Stellantis has officially confirmed plans to build a third Automotive Cells Company (ACC) battery factory in Termoli, Italy. For this purpose, Stellantis’ existing engine plant will be converted into a battery factory.
By 2030, the joint venture of Stellantis, Total and, since September 2021, Mercedes-Benz, aim for total battery cell capacities of at least 120 GWh. The Termoli plant will have a capacity of 40 GWh in this, while two other ACC plants in Douvrin (France) and Kaiserslautern (Germany) are planned to be upgraded from their initial 24 GWh each to 40 GWh each to complete the bill.
The move to turn the Termoli engine plant into a battery cell factory had been in the offing for a long time. At the “EV Day” last July, Stellantis CEO Carlos Tavares confirmed that the group had concluded a corresponding agreement on the future of Termoli with the Italian government.
“We are grateful to everyone involved in this investment to secure the future of the great community in Termoli,” Tavares now says, according to the latest news release. “Transforming the existing plant to help support a more sustainable future positions ACC as the European leader in battery manufacturing and reaffirms, thanks to the collaboration with the Ministry of Economic Development, Italy’s role in supporting Stellantis’ transformation to a sustainable mobility tech company.”
It is unknown when Stellantis or ACC will comment on further plans for Termoli and the potential sites 4 and 5. So far, the finalisation of plans for Termoli is still “subject to customary closing conditions, including regulatory approvals”, Stellantis writes.
What is clear, however, is that the entry of Mercedes-Benz is now signed and sealed, and in this case, the regulatory approvals have been granted. The “agreement to include Mercedes-Benz as a new equal partner with TotalEnergies/Saft and Stellantis” has been concluded, according to the statement.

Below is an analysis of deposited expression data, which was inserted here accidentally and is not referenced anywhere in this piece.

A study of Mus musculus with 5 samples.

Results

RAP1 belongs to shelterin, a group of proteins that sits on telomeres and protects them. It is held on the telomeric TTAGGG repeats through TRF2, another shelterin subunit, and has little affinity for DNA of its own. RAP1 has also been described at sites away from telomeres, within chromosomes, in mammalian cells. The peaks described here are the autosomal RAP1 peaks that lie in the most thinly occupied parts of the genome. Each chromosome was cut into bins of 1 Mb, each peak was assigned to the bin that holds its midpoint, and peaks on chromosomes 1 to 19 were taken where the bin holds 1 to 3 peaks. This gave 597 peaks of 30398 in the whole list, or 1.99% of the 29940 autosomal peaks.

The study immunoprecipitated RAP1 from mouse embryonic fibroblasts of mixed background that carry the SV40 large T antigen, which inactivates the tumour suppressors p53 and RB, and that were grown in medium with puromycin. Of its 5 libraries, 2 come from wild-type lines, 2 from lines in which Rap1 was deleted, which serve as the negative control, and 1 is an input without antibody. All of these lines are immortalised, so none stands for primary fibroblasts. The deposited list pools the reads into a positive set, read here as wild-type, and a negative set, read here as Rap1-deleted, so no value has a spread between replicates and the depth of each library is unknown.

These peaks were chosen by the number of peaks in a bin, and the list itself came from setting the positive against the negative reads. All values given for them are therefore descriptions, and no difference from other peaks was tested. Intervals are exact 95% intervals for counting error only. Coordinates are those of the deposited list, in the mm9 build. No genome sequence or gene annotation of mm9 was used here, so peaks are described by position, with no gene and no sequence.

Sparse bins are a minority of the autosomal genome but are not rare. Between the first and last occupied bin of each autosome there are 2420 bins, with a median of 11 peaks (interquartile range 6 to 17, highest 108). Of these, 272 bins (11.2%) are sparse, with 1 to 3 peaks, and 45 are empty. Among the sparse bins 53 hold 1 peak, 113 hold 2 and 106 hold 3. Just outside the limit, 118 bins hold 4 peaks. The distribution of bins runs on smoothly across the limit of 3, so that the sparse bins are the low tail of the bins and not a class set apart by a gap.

Update 29 June 2022
Details on the timetable for Automotive Cells Company’s (ACC) third battery factory in Termoli, Italy, have emerged following a union representative meeting with Stellantis. The conversion of Stellantis’ current engine plant in Termoli into a battery factory will begin in 2024, with production to start by 2026. ACC expects the battery factory to reach total capacity in 2030 with around 2,000 employees.
However, the schedule will also significantly impact employment at the site. Since Stellantis will phase out engine production in large parts in 2024, but battery production is not to start on a smaller scale until 2026, the union expects layoffs. According to Reuters, up to 1,000 employees will lose their job at the peak before 2,000 workers are expected to return to the plant in 2030. According to union sources, some “premium” internal combustion engines will still be built until 2026 – but with the start of battery production, that will also be the end of the line there, so that the areas can also be converted as a result.
Gianluca Ficco of UILM told Reuters that Stellantis had assured unions that all Termoli workers would be employed at the new Gigafactory. “This is good, but not enough, clearly we want a formal and binding commitment by ACC,” he said. “Then we’ll have to sort out how to manage temporary layoffs.” In addition to retraining, employees will be offered to work at the battery plant in Douvrin, France, for up to six months.
A Stellantis spokesman confirmed to the news agency that unions had been given an update on development plans for Termoli but did not comment on the detailed information.